Some would call these two chapters a skeptical goldmine. Dennis McKinsey writes: “…we have a listing of the subclans that returned from the Captivity and the number of people in each. In the KJV, out of approximately thirty-five subclans listed over half of the numbers are in disagreement. Furthermore, someone doesn’t know how to add very well because the totals are in error. Ezra 2:64 says `The whole congregation together was 42,360,’ when one can see by easily adding the figures together that the total is 29,818. Nehemiah 7:66 also says, `The whole congregation together was 42,360′ when one need only add those figures to see that it’s actually 31,089. Ezra erred by 12,542, and Nehemiah erred by 11,271.”
It should be immediately recognized that both the authors of Ezra and Nehemiah are aiming to convey exact figures. It would be the height of laziness and unfaithfulness to the intended meaning of the text to state that we are merely dealing with round figures. Those who read 1 Esdras will run into the same problem with the total there as well. Do we here have a bona fide case for errors in the autographa? Any reasonable apology that is faithful to the evidence and to the possibility that we might have a genuine error here must address two problems: first, the divergences in the number of people in the clans listed both in Ezra and Nehemiah; second, how to account for the far-off totals.
Let the first issue be addressed. Both Ezra and Nehemiah are referring to the same event here, the return from the Babylonian Captivity. This event is not punctiliar but is an event that was realized in an interval and not a point of time. If it is reasonable to conjecture that perhaps the lists in Ezra and Nehemiah reflect the counts at different times during the time interval in which the return took place, then we have a reasonable possibility (but of course dogmatism must be avoided!) for explaining some of the divergent numbers. Higher totals might reflect clans who added people along their journey, lower totals might reflect deaths or certain types of attrition on the journey (say). Most of the divergences are fairly small: the largest divergences are between the count for Seenah (Ezra 2:35 and Neh 7:38, Nehemiah as 300 more), Azgad (Ezra 2:12 and Neh 7:17, Nehemiah having 1,100 more), Zattu (Ezra 2:8 and Neh 7:13, Ezra having 100 more), the men of Bethel and Ai (Ezra 2:28 and Neh 7:32, Ezra having 100 more). Note that these are all round-number divergences: 100, 300, and 1100. There are also some sizable numerical divergences not expressed in round numbers: the case of Hashum (Nehemiah has 105 more), Arah (Ezra has 123 more), and Adin (Nehemiah has 201 more).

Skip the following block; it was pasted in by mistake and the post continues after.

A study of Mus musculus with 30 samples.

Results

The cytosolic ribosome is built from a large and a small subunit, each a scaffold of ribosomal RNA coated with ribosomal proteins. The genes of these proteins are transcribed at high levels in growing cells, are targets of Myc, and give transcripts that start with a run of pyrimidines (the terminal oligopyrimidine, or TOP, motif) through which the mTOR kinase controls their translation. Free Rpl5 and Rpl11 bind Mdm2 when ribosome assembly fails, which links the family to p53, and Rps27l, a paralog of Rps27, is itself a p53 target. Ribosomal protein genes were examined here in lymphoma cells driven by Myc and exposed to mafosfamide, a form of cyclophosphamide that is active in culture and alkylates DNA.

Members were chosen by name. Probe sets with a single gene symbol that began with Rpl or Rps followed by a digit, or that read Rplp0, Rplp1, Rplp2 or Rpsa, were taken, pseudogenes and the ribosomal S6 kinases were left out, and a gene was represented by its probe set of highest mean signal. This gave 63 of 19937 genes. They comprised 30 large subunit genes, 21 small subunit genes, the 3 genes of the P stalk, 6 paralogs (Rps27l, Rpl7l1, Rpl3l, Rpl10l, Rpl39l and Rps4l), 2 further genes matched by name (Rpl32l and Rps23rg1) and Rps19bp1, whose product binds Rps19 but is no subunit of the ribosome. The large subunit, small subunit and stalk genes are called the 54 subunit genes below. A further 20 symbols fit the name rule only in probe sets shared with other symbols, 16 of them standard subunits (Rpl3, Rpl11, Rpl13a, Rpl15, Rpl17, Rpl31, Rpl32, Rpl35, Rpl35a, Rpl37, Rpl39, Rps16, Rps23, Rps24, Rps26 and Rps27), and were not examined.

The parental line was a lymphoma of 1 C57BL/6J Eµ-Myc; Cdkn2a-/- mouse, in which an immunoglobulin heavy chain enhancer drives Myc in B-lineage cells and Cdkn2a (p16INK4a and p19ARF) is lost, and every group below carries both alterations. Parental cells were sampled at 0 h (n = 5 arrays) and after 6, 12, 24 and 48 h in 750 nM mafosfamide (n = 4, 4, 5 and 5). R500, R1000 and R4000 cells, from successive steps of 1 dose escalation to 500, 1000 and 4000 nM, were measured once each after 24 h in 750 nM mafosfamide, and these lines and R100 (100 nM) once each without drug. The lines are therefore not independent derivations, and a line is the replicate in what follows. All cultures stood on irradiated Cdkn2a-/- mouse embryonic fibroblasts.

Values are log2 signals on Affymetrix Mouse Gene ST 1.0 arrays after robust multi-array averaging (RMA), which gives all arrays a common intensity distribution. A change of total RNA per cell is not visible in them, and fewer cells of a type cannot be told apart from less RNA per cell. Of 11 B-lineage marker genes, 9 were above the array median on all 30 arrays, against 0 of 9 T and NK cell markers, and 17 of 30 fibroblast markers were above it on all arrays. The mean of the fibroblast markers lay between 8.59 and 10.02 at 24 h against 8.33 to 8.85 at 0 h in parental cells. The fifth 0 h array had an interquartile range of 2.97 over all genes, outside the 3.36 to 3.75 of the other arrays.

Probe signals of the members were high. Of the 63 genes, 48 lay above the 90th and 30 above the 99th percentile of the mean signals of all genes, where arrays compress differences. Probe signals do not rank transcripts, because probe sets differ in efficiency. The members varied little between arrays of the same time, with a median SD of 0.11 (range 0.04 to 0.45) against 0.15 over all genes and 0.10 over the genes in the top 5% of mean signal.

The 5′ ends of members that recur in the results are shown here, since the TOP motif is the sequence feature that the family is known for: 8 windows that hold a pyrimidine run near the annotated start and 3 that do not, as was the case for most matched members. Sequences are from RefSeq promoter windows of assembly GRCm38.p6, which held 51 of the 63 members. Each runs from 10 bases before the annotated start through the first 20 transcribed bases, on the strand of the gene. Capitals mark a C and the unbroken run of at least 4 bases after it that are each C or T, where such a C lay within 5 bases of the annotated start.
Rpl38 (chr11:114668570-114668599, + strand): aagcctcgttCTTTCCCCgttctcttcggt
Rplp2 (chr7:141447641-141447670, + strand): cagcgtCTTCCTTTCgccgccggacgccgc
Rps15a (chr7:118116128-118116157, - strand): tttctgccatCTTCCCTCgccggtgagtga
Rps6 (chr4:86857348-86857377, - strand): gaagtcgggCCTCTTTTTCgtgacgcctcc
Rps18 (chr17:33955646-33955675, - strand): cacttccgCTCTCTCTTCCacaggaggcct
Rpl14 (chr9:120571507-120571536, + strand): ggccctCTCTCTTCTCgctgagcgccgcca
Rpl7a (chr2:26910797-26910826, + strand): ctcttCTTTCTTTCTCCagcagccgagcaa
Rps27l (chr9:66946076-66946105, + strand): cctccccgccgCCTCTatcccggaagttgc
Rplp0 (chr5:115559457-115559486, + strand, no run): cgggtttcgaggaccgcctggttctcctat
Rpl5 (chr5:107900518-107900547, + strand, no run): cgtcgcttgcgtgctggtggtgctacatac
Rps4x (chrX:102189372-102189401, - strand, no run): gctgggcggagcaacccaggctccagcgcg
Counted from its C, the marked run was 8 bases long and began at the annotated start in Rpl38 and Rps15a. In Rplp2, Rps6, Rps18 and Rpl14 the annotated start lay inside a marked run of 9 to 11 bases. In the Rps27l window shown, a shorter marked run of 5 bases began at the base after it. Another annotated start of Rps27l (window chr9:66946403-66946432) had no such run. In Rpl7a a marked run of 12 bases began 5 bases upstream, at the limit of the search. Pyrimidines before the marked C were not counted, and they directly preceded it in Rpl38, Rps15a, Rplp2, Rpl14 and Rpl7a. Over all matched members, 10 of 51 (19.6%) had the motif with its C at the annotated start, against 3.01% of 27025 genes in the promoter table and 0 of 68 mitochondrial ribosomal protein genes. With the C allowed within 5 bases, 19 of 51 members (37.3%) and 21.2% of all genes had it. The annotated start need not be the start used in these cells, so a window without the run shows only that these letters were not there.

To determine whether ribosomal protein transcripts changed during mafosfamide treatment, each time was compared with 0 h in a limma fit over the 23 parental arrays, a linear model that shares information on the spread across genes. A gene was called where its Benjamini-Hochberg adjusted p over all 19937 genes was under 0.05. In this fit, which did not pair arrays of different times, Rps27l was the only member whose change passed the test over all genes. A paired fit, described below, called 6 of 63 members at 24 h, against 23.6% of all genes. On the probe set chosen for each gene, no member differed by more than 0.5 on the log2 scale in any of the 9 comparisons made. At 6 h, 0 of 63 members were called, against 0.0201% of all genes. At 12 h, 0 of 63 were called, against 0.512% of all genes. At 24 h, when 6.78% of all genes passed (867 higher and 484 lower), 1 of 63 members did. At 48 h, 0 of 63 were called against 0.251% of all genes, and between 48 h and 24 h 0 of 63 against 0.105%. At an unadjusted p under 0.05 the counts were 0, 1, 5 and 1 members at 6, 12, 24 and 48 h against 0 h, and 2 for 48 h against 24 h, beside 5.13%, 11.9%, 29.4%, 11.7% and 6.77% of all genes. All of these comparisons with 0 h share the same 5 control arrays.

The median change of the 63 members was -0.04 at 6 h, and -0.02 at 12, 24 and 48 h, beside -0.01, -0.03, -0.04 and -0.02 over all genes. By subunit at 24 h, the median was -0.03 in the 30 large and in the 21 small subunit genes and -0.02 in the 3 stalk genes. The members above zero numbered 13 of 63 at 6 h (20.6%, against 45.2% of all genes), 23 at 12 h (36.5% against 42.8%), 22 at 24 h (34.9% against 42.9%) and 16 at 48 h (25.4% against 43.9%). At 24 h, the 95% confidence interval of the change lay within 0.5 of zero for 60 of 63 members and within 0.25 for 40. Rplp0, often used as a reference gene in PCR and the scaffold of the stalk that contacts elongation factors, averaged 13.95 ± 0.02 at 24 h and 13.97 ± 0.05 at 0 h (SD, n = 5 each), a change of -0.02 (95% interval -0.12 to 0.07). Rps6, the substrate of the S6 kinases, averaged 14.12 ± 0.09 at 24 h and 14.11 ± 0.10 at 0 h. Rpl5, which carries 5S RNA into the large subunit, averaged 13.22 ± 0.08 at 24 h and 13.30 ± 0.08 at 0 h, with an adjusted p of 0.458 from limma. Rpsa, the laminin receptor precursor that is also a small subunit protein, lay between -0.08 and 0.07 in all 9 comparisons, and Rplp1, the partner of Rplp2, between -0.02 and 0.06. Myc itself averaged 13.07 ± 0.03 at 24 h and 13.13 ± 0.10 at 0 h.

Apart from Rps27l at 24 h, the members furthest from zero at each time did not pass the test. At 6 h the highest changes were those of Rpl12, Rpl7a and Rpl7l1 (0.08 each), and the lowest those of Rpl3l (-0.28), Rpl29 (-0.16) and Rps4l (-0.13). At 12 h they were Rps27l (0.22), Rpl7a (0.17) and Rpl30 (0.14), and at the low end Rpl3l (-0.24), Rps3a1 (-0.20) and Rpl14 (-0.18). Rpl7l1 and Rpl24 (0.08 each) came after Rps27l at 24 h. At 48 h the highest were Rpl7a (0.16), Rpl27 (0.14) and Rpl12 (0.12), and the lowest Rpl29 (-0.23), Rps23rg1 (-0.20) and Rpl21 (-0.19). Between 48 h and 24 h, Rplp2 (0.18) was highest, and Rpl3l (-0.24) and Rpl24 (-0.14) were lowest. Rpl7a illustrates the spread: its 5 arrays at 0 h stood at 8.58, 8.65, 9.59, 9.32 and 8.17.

Assuming that the reasonable conjecture that Ezra and Nehemiah present counts at different times in the return for argument’s sake, I am at a loss to say dogmatically that this conjecture reasonably explains the differences. I have reservations concerning believing that the conjecture reasonably explains the differences — the difference of 1,100 for Azgad seems on the surface too large a difference to account for by stating that the lists were composed at different times. The serious student of the problem can profit by reading the discussion of this problem by Archer in his Encyclopedia of Bible Difficulties , pp. 229-231, and by consulting Keil and Delitzsch’s Old Testament Commentary on Ezra 2, pages 1352-1367, (page numbers for the Associated Authors and Publishers edition).
In reading the aforementioned works which represent the conservative viewpoint, one will find that the solutions are conjectural. The reader who is genuinely interested in the problem can decide for himself or herself if the discussions of the problem strain credulity or assume too much. I am an agnostic on the problem with the information out there. But we conservatives must admit at once that the Ezra/Nehemiah discrepancy is a genuine issue whose final solution eludes us. Perhaps future research will uncover information that clarifies the issue in a way that makes harmonization seem more reasonable. Perhaps future research will clarify the issue in a way that makes the problem harder for those who would try to reconcile the discrepancy. Perhaps we have as of the present all the information that we will ever have.
As we don’t have all of the information, the reader will have to decide for himself or herself whether or not dogmatism for an error in the originals is warranted. I personally have seen enough divergences reconciled in my studies, both Biblical and non-Biblical, to know that what appears as a blatant error turns out to have a nice (but not necessarily simple) solution. I have confidence here that more facts which one could obtain by “being there” would help us reconcile the numerical differences. But, honesty compels me to admit that this confidence is based on past experience more than the facts in this case.
On the other hand, the major apologists such as Archer and Geisler in their books express the possibility of their presented solutions being true with much greater confidence than I do. So, the opinion among apologists is varied. But the reader should keep in mind that this difference of opinion among apologists in no way nullifies the strength of the problem which must be faced. (JPH note: a reader has pointed out that Nehemiah declares that he found this register, which means only that he is required to have inerrantly reported its contents — not that the contents of what he found be inerrant.)